Several florists interviewed had no aesthetic objection to them but said they would be difficult for any sweetheart to use, and that the roses may be better employed in hotel lobbies, at museum events and at wedding receptions. Even large vases would look too small and the impulse would be to shorten the stems, they said, defeating the point of the roses. Prolman sells a 24-inch galvanized metal vase to go with them ($79.95, plus shipping).
Jordan Amige, president of one of Washington's largest wholesale florists, Potomac Floral Wholesale in Silver Spring, had them available last year for a while. "People said, 'It's beautiful, it's different, it's huge. But what do I do with it?' "
Event planner and florist Jay Watkins of the Ociana Group in Northeast said the extreme rose would work in the grand setting of a museum event, "but where else would we have it?"
Prolman and Nevado are bullish on extreme roses and have no doubts about their future. Nevado said he intends to increase production if sales go well this winter in the United States and Russia, the two largest markets for them.
Nevado says roses have bulked up a lot since he started in the mid-1960s. When he began, he said, buds were little more than an inch high and stems just a few inches long. But as Ecuador and neighboring Colombia have grown to dominate the rose-growing industry, the flowers have become more colorful and diverse, "so the market is going to be more and more complicated, with definite niches," he said.
Roses grow robustly in the equatorial Andes, where a year-round growing season, intense sunlight and cool nights result in extremely vigorous plants. Nevado and other growers are licensed to produce the roses by hybridizers who own the plant patents.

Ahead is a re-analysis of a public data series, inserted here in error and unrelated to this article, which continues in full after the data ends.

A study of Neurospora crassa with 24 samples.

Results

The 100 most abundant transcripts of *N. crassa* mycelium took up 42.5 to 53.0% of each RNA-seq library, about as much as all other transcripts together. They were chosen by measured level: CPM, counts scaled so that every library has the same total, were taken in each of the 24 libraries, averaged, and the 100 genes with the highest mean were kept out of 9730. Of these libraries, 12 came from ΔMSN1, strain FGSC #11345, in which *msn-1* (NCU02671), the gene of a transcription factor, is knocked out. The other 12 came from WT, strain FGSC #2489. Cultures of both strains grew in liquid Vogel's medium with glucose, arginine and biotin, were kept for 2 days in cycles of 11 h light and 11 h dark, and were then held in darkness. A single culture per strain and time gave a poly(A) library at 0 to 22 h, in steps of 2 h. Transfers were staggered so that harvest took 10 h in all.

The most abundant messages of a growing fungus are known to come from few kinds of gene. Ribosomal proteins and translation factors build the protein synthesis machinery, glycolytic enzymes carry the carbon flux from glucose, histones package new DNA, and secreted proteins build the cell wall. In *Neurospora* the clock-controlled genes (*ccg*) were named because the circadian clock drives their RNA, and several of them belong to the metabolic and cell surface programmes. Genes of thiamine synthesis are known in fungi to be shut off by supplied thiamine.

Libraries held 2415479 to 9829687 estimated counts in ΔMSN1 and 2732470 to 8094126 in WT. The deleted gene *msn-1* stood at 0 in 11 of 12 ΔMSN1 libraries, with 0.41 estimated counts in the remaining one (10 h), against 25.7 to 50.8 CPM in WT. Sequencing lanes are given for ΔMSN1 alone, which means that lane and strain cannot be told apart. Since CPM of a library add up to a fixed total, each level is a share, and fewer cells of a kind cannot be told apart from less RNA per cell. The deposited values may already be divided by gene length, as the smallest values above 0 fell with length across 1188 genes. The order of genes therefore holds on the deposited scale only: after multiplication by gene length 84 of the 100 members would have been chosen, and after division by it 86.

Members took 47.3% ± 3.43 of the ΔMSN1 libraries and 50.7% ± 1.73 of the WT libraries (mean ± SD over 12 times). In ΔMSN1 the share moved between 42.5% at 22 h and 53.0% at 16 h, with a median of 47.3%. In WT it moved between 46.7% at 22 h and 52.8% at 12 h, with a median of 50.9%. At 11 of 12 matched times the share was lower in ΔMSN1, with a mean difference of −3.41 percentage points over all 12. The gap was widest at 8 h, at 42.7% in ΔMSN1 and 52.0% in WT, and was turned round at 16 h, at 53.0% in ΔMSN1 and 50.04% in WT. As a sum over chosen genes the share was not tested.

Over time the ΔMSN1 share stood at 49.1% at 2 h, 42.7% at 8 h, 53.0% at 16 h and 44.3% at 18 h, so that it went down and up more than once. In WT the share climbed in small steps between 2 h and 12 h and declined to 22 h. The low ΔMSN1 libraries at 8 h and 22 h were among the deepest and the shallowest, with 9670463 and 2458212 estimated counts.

Red Intuition and, more commonly, Forever Young, are raised by other Ecuadorian farmers but are harvested as shorter-stemmed plants, said Liza Atwood, founder of Fifty Flowers, an online bulk flower retailer based in Ojai, Calif.
Nevado's extreme roses are produced through pruning techniques and by waiting a month longer than normal to harvest the flower, almost 100 days. They produce only six to seven long stems per plant per year, he said. Nevado has approximately 100,000 bushes of Forever Young and 300,000 of Red Intuition at his two farms in the mountains south of Quito. One farm is at 9,000 feet, the other at 9,700 feet.
The extreme roses were first grown for the Russian market, where long-stemmed red roses are highly desired, especially on March 8, International Women's Day. Nevado's workers had to cut them shorter to fit the shipping boxes, "and that was a frustration because they took an extremely long time" to grow, he said.
They may be the longest-stemmed roses in the world, but they are not the largest rose plant, said Scanniello, author of "A Year of Roses." A Lady Banks climber in Tombstone, Ariz., planted around the Civil War, now spans 70 feet.